Digital Initiatives Department, Libraries
Kansas State University
Todd A. Chavez
Director of Academic Resources
University of South Florida
Chair, Sciences Department, Libraries
Kansas State University
BiodIS: An Institutional Collaboration to Enhance Access to Natural History Collections (Allen & Haddock)
The Biodiversity Information System (BiodIS) at Kansas State University (KSU), is an intra-institutional, interdisciplinary project designed to consolidate and develop the major biodiversity information resources housed at KSU. A defining aim of the project is to develop an Internet portal for exposing information associated with the University’s major natural history collections: the Herbarium and the Museum of Entomological and Prairie Arthropod Research. Combined, these collections contain approximately one million specimens and are particularly noteworthy for historical material collected in the Great Plains region from a time prior to widespread conversion of land via row-crop agriculture. BiodIS is a portal for taxonomic, geographic, and ecological biodiversity data featuring an application for enhanced searching and taxonomy browsing of specimen data along with related tools. BiodIS is a partnership between the Division of Biology, the Department of Entomology, and KSU Libraries, and is supported through a grant from the KSU Office of the Provost. The National Science Foundation, Kansas NSF-EPSCoR, and the Kansas Agricultural Experiment Station have provided related funding.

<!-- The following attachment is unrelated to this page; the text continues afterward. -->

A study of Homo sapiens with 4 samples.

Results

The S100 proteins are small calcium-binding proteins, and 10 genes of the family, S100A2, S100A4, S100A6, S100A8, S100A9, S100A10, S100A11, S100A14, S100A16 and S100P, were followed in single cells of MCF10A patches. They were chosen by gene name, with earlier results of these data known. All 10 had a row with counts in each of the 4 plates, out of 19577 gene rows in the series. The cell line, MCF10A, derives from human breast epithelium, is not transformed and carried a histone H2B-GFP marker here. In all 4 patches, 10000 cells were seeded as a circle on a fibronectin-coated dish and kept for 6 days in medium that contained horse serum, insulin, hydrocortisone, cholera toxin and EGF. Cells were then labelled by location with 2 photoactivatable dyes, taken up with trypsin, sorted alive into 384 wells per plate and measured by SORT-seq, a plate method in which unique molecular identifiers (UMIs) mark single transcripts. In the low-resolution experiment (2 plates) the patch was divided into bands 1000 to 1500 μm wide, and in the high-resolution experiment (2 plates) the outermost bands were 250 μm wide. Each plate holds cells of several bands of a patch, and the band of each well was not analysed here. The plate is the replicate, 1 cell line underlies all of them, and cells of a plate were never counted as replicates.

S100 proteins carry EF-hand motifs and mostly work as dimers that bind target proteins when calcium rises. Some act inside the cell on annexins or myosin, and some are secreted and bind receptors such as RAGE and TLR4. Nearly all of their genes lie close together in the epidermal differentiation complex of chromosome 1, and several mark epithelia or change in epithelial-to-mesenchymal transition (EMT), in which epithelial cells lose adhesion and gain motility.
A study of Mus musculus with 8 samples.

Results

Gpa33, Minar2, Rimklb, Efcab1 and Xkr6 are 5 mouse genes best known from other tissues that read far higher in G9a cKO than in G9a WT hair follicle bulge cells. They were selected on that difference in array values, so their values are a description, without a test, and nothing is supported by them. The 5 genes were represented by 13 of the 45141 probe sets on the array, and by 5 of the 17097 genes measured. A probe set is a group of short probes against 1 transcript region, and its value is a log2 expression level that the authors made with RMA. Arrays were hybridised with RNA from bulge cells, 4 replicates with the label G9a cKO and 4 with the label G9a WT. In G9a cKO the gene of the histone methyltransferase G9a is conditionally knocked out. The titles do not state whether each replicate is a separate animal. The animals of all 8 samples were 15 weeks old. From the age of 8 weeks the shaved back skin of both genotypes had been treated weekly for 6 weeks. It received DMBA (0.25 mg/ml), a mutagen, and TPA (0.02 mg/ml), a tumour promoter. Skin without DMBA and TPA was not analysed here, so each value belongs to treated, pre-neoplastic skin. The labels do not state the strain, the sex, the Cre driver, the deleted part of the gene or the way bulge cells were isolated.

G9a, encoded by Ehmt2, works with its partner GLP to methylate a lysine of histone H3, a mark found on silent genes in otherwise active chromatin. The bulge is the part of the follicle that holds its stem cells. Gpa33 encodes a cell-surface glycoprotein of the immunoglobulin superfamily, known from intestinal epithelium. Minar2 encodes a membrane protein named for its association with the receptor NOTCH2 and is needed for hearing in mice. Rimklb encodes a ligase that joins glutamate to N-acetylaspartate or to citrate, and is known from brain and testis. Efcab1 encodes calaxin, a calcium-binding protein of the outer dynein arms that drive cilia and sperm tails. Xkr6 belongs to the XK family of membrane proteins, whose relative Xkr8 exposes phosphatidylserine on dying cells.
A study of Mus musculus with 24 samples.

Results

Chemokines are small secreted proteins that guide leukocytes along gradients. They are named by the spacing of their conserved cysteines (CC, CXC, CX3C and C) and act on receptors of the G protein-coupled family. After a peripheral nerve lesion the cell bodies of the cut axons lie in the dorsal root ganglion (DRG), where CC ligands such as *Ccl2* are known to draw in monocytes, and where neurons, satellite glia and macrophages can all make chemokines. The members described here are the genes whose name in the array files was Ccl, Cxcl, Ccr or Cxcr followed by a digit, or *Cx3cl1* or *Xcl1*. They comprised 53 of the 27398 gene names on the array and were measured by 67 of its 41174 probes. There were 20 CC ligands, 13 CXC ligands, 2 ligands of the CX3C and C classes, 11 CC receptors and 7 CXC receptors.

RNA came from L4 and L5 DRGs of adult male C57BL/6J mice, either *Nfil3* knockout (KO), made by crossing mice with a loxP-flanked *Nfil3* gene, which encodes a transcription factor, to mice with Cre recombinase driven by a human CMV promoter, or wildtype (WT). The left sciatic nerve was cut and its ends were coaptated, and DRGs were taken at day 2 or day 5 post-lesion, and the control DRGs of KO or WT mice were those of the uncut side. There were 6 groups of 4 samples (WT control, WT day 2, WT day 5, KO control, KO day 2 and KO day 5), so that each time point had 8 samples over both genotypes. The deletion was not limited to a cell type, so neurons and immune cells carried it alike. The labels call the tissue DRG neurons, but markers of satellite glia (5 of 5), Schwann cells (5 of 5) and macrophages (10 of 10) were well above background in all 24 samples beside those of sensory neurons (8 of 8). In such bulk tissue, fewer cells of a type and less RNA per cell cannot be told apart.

The Evolution of the Karst Information Portal Initiative (Chavez)
Karst is a landscape formed from the dissolution of soluble rocks including limestone, dolomite and gypsum that is crucial to the health and well-being of one out of every four people on Earth. The Karst Information Portal (KIP) is a digital library initiative linking scientists, resource managers, and explorers with quality information resources concerning karst. Begun in 2006 as a partnership between the University of South Florida Libraries, the National Cave & Karst Research Institute, the University of New Mexico Library, and the Union Internationale de Spéléologie (UIS), KIP has expanded to include databases concerning cave minerals, speleothem dating, and coastal cave surveys. This presentation outlines the evolution of the project and describes ongoing developments in the mission to advance information integration and collaborations among karst researchers, a community defined by a globally distributed and highly interdisciplinary knowledge base.